If there were a second Pride Month, it would probably be in October, if only because there are a few special LGBTQIA holidays jammed right in at the beginning. International Lesbian Day was Friday, October 8, and National Coming Out Day was yesterday, October 11.

In honor of these two auspicious - and relatively new - holidays, let's take a look at how lesbians have "come out" in television: because even though representation is not where it could be yet, it's a heck of a lot better than it was in the 90s, when an on-screen lesbian wedding was something of a miracle.

Here are 8 of the most iconic lesbian TV couples of the past 30 years.

Carol and Susan, 'Friends'

We had to start off with a classic: Carol Willick and Susan Bunch were the first confirmed lesbian couple to ever have a recurring role in a television show. Carol, Ross' ex wife, divorces him to be with Susan when she realizes she's a lesbian. However, after she comes to find out she's pregnant, she and Susan decide to raise the child together...of course, with regular parental visits for his father.

After Ben is born in the Friends Season 1 finale, Carol and Susan become regular guest stars on the show. They even show their wedding in Season 2 - but it's worth noting that they never kiss on screen.

Willow and Tara, 'Buffy The Vampire Slayer'

Willow and Tara's relationship was huge in the early aughts, as they were one of the first lesbian couples to be portrayed in a serious relationship on TV - and one of the first to actually KISS on TV, even though Tara unfortunately dies later in that same episode. (The 'bury your gays' trope had to start somewhere - thanks for the contribution, Joss Whedon.)

Fans loved the relationship between the two witches, which was one of deep mutual understanding and intellectualism.

Tina and Bette, 'The L Word'

The first TV show ever to have an all-lesbian ensemble cast, The L Word broke major boundaries just by existing. Add to that, though, that the cast included Tina and Bette, two lesbians who are already in a committed relationship at the start of the show, and are trying to start a family.

The show doesn't idealize their relationship: They fight, break up, and get back together several times over six seasons. However, they do it all while being a part of a real family, raising their daughter together. This was monumentally important visibility for queer couples at the time, showing everyone that yes, you can have a normal life if you're gay. (And you can see them again on the reboot series, The L Word: Generation Q on Showtime.)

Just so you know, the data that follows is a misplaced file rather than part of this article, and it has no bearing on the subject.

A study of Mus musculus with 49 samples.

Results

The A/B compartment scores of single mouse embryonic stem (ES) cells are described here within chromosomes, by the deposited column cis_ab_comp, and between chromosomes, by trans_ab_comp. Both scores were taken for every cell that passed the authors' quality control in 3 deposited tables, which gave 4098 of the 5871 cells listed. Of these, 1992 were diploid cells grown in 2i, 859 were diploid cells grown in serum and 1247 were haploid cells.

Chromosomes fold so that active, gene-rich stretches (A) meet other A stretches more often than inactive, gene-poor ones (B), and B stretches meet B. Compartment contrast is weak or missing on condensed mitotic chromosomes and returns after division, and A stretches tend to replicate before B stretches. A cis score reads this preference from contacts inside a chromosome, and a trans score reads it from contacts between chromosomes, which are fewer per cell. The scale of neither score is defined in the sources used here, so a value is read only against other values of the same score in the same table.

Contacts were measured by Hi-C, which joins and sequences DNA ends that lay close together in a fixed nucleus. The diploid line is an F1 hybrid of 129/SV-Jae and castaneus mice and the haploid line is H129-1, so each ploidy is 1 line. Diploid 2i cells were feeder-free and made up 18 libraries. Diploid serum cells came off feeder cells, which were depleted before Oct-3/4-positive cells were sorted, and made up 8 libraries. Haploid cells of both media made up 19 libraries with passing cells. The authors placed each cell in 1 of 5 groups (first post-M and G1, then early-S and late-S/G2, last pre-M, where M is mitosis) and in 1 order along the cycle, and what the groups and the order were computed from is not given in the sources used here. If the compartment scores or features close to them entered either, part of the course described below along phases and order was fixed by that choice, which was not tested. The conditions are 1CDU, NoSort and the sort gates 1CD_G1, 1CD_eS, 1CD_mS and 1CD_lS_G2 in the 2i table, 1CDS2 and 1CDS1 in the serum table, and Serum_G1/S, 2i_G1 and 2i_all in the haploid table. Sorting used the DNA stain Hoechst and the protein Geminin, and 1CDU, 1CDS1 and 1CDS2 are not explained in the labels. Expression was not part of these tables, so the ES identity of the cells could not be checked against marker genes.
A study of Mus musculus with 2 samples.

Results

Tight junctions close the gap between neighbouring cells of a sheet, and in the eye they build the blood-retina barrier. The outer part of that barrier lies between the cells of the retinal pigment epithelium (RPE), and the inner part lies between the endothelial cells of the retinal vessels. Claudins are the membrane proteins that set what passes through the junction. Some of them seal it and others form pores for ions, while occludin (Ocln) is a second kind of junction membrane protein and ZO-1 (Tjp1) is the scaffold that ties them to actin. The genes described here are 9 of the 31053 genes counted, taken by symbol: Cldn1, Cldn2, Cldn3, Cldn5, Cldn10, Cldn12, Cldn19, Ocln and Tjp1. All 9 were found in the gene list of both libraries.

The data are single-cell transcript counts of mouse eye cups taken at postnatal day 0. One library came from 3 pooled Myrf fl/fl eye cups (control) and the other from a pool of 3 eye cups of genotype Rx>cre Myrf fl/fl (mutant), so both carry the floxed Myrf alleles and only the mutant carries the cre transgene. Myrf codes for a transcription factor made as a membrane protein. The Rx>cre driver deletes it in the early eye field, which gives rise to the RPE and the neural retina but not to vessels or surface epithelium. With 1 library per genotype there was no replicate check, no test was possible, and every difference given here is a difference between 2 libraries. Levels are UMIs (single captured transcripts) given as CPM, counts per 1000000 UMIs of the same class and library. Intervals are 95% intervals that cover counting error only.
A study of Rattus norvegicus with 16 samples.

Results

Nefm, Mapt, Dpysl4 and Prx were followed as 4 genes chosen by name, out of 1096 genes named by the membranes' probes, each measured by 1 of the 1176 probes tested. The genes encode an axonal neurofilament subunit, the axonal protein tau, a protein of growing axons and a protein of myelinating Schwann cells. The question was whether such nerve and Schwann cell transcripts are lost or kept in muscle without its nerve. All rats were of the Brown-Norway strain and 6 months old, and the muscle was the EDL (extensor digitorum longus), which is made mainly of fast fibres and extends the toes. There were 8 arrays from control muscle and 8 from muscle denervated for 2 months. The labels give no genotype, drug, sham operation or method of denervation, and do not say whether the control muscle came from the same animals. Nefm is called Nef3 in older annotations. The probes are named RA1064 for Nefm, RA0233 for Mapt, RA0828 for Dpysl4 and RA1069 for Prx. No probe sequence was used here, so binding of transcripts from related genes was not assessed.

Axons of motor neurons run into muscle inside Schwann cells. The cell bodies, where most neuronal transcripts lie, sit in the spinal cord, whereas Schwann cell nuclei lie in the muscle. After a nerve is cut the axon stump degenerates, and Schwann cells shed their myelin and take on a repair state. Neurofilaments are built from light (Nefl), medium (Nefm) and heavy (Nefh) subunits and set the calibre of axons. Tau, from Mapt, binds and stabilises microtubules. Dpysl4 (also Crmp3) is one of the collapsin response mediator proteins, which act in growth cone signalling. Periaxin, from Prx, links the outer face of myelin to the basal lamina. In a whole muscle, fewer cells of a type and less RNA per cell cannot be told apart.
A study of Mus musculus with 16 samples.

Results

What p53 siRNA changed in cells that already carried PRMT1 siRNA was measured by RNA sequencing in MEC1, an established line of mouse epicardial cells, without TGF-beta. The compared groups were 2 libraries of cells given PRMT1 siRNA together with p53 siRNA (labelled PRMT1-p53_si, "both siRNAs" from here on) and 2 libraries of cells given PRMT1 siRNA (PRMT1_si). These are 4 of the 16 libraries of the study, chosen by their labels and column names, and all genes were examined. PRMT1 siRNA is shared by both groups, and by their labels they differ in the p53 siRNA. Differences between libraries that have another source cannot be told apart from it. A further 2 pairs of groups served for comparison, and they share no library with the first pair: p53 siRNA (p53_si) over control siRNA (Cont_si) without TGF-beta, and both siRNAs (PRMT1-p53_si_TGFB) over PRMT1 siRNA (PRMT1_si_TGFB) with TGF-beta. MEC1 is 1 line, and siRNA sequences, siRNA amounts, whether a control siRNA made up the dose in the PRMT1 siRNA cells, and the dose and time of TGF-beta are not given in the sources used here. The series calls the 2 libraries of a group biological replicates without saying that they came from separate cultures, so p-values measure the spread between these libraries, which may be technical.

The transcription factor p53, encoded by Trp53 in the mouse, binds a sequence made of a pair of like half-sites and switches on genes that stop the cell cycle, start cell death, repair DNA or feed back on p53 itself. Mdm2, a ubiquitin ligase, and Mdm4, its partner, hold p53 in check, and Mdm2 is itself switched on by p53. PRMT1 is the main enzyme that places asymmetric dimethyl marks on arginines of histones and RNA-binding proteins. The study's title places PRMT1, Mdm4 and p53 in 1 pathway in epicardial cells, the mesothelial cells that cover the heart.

Kima and Cheryl, 'The Wire'

The Wire wasn''t about the relationship between police officer Shakima Greggs and her partner, a TV journalist named Cheryl, but that is part of why it's significant. The fact that seeing a lesbian couple portrayed did not require the entire episode to stop and explain itself was major progress.

Unfortunately, Kima and Cheryl don't last, breaking up after Cheryl has a child and Kima realizes she doesn't want to be a parent. It's a sad ending for them, but it doesn't change that they made history.

Brittany and Santana, 'Glee'

The singing phenomenon that took 2000s TV by storm, Glee featured a lot of firsts in television, including the first lesbian couple portrayed as teenagers - showing a whole generation of closeted teens that actually, it's okay to be gay. Brittany and Santana start off as friends with benefits in the first season of Glee, slowly transitioning to something more over the next couple of seasons. They date in secret in season 2, and after Santana is outed in season 3, they become an official couple.

They do break up for a time when Santana graduates and Brittany is forced to repeat her senior year, trying to do the "mature" thing, but get back together as soon as they can. In the finale of the show, they get married.

Annalise and Eve, 'How To Get Away With Murder'

Annalise and Eve are a couple who really explore the dynamics of what it means to be a lesbian, and how one experience - like growing up in the bible belt and being black - can be entirely different from another. Their relationship is tumultuous, but it's also a favorite among How To Get Away With Murder fans. There was a lot of anger in the fanbase when the show appeared to cut Eve out for good back in 2019, especially since the moment itself seemed to acknowledge that this wasn't right: "I always thought you two were endgame," one of the other characters said about them.

She came back a few more times after that, but it was never the same.

Korra and Asami, 'Avatar: The Legend of Korra'

Yes, The Legend Of Korra is a Nickelodeon cartoon, but that's exactly why these girlfriends are so special. Korra and Asami were the first canonical gay romance in children's television (not that Avatar could ever be described as a show JUST for kids.) When the show's creators confirmed that the moment they share, holding hands as they walk into the Spirit World, was, in fact, romantic, the internet went nuts.

They don't get to be terribly romantic in the show itself, but they opened the door for other cartoons, like Stephen Universe, to push those boundaries further. Plus, the comics that continue the story afterwards have plenty of wonderful scenes depicting the relationship between the Avatar and the young business mogul.

Alicia and Denise, 'Master of None'

Master of None just came back from a four-year hiatus this spring, and the shape it came back in is very different - and much gayer. While Aziz Ansari created the show and formerly starred in it as Dev, this season his character took a backseat so that the show could focus more on the relationship between Alicia and Denise (and so that the public would focus less on him), who are living together on a picturesque farm in upstate New York.